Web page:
February 19, 2020
All of us at the TRiNDS team come to work every day committed to conducting the best quality rare disease and neuromuscular research. Today we’d like to introduce Ana Christensen, Lead Project Manager, Strategic Solutions. We sat down with Ana to learn more about her and her work.
1. How did you come to work in clinical research?
Ana: I started in clinical research completely by accident. When I was working on my Master’s in Public Health, I thought I would work for a local or state health department. By the time I finished, the available jobs in my area were in clinical research, so I decided to give it a try. I was a site research coordinator for clinical trials and academic research over 12 years in infectious diseases, asthma, medical education, procedural sedation, cerebral palsy, spina bifida, and Duchenne muscular dystrophy. I think clinical research is a powerful way to answer important questions that support better clinical care, better treatments for patients, and better outcomes for families living with chronic illness.
2. What does your typical day look like at TRiNDS?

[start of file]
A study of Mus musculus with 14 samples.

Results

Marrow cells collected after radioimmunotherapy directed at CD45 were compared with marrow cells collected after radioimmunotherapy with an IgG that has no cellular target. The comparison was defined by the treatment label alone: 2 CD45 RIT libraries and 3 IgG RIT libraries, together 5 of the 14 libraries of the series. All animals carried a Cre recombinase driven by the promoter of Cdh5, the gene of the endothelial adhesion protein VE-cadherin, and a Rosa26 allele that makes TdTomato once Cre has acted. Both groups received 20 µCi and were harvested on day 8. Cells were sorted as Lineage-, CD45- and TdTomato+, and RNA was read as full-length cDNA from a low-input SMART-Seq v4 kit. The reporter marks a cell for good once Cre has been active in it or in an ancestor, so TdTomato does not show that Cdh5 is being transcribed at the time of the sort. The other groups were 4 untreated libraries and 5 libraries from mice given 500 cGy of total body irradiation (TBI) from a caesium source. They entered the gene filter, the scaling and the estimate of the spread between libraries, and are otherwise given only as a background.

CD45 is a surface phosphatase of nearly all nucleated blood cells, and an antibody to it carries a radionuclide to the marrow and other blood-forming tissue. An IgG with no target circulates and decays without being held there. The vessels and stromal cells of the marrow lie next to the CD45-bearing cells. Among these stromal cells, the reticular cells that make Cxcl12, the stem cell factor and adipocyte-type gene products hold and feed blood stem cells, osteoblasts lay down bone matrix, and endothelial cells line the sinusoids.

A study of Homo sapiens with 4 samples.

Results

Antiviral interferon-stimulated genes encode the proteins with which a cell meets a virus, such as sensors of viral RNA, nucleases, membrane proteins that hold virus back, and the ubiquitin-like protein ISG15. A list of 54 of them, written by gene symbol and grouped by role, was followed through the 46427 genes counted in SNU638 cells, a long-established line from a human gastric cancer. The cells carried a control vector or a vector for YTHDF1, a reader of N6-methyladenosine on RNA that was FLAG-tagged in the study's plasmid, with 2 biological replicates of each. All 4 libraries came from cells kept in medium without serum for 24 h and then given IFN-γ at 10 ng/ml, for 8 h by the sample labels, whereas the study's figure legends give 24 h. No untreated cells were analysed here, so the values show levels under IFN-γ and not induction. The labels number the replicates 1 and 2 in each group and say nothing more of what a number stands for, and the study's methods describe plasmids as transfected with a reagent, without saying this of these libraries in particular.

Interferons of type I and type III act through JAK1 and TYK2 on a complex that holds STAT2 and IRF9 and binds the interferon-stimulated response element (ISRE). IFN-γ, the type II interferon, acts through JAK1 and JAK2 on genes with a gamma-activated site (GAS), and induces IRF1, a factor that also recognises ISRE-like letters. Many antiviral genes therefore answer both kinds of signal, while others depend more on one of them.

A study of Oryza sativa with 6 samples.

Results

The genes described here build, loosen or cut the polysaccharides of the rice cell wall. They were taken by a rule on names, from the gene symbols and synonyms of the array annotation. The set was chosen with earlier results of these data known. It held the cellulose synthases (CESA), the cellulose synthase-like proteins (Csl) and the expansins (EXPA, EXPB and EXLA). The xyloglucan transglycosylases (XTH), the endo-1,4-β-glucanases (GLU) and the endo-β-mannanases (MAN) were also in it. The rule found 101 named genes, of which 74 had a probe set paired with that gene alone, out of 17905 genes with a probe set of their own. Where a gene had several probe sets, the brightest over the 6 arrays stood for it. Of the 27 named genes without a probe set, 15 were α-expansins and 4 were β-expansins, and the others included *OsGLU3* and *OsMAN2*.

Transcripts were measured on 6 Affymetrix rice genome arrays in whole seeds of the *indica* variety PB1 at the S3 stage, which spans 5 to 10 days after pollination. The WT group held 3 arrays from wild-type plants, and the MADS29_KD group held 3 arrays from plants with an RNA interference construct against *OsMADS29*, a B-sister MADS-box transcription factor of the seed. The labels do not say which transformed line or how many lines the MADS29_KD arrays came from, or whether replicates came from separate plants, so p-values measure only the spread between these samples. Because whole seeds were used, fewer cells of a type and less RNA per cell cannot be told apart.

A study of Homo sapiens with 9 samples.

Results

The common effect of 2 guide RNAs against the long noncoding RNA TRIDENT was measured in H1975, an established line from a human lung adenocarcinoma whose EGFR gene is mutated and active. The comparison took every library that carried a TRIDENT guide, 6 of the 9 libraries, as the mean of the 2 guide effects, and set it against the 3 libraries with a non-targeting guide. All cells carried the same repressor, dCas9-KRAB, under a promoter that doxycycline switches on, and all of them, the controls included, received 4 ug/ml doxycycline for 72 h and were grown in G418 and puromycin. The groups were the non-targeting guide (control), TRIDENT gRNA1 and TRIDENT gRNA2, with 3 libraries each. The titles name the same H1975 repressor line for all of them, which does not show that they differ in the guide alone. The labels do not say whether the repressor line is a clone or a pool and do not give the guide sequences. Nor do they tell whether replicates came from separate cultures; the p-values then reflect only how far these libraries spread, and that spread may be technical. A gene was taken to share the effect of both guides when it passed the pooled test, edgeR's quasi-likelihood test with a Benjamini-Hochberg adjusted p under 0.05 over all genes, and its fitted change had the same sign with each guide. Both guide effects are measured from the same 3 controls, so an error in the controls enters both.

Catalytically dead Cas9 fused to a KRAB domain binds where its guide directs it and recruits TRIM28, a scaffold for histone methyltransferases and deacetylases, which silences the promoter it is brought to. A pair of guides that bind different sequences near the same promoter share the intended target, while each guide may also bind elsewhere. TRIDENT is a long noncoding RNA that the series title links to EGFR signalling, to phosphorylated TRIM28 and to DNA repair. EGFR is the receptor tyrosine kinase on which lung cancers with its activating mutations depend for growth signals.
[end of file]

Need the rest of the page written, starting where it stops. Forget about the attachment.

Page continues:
Ana: I support TRiNDS’ Strategic Solutions – our set of unique services that help clients navigate the unique needs of rare neuromuscular drug development. One of my main roles is to help clients engage with the communities they hope to serve. You’re likely to meet me at US community events and conferences, helping families to understand clinical trials. When I’m not travelling, I manage client projects that use Strategic Solutions – everything from our network of Clinical Evaluations Managers to our standing Data Safety Monitoring Board.
3. What are you most excited about for the future of neuromuscular research?
Ana: I am inspired by the hope for better treatments for people with neuromuscular disorders. When I started coordinating clinical trials for Duchenne muscular dystrophy, there was only one trial available. Now, there is an entire pipeline of investigational drugs and treatments being studied by companies and researchers around the world.